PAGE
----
Duncan Aviation Offers Unusual Solution To Challenger Service Bulletin

 - October 29, 2012, 9:35 AM
A Duncan Aviation maintenance tech uses the Aero 40 dry-ice blasting machine to remove the epoxy ramp from a Challenger passenger door.

Duncan Aviation of Lincoln, Neb. (Booth No. 5580), a provider of airframe inspections, engine maintenance, cabin and cockpit systems retrofits, painting and interior work, as well as pre-owned aircraft sales and acquisitions, has acquired several examples of a dry-ice blasting machine to accomplish a specific service bulletin for its Bombardier Challenger customers.

The blasting machine, a Cold Jet Aero 40, uses dry ice to remove epoxy, corrosion and other materials without damaging aircraft surfaces. Duncan bought the machines so that it could offer Challenger operators compliance with Service Bulletin ATA 55-11, which requires the removal of the epoxy ramp in the passenger door to prevent further corrosion.

According to the bulletin, “There here have been several reports of corrosion in the lower structural elements of the passenger door. It was determined that the epoxy ramp installed to prevent water accumulation could deteriorate with time and retain moisture. The purpose of this Service Bulletin is to remove the epoxy ramp to prevent further corrosion, add additional draining holes and modify the door structure to allow access to facilitate scheduled inspections.” The SB also recommends using dry-ice blasting to achieve the best results when removing the ramp.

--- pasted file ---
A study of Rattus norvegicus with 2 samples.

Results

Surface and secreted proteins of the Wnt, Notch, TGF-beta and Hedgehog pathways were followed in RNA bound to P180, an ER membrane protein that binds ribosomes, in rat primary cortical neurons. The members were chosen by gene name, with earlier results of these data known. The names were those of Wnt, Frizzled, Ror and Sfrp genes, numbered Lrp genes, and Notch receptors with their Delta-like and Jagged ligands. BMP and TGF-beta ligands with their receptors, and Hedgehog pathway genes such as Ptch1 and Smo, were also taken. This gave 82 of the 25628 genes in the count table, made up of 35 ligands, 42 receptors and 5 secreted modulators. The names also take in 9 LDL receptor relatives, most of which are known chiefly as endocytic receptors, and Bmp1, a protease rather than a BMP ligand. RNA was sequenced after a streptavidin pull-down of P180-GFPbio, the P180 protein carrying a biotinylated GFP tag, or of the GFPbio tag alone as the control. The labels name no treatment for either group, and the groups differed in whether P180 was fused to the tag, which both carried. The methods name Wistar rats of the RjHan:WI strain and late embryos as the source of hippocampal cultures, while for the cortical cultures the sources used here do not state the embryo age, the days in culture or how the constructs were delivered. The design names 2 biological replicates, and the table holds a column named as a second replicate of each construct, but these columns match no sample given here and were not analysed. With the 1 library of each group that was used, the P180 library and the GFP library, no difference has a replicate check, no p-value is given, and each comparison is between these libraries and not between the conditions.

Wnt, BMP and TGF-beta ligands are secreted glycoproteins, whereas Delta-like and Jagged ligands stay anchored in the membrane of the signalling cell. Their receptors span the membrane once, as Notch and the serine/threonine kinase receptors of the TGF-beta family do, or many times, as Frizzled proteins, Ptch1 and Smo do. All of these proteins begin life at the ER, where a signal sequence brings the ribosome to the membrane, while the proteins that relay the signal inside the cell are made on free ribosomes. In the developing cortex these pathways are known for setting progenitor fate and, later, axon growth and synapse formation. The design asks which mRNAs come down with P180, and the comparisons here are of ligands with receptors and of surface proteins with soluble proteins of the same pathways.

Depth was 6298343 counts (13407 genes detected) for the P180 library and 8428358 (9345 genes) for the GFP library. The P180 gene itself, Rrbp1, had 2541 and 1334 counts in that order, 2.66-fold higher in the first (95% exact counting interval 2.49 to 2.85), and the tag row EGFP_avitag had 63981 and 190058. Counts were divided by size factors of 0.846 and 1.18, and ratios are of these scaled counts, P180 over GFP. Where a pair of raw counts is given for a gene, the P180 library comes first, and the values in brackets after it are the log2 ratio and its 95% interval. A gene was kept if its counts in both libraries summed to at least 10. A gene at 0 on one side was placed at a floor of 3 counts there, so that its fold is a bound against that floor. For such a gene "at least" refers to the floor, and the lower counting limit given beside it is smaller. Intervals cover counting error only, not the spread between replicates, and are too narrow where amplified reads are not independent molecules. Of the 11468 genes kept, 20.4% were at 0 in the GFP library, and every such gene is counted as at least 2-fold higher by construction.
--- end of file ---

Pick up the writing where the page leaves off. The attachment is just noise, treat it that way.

According to company president Aaron Hilkemann, Duncan Aviation’s tech rep for Challenger airframes Scott Shefke “took the initiative to learn more about dry-ice technology and concluded that this tool was needed to perform this service bulletin effectively and efficiently, We listened and, within a couple of weeks, all three Duncan Aviation maintenance facilities [in Lincoln, Neb.; Battle Creek, Mich.; and Provo, Utah] were each provided an Aero 40 dry-ice blasting machine.”

Duncan Aviation has completed this service bulletin for the Challenger in the field, and has several more SB completions scheduled through the rest of this year. It is also researching other applications for this technology.

Cold Jet, a manufacturer of several models of dry-ice blasting machines, is headquartered in Loveland, Ohio. According to Kellie Grob, Cold Jet chief marketing officer, the prices of the company’s “standard products range from $15,000 to $50,000 for a complete system out of the box.” Customizations cost extra, she told AIN.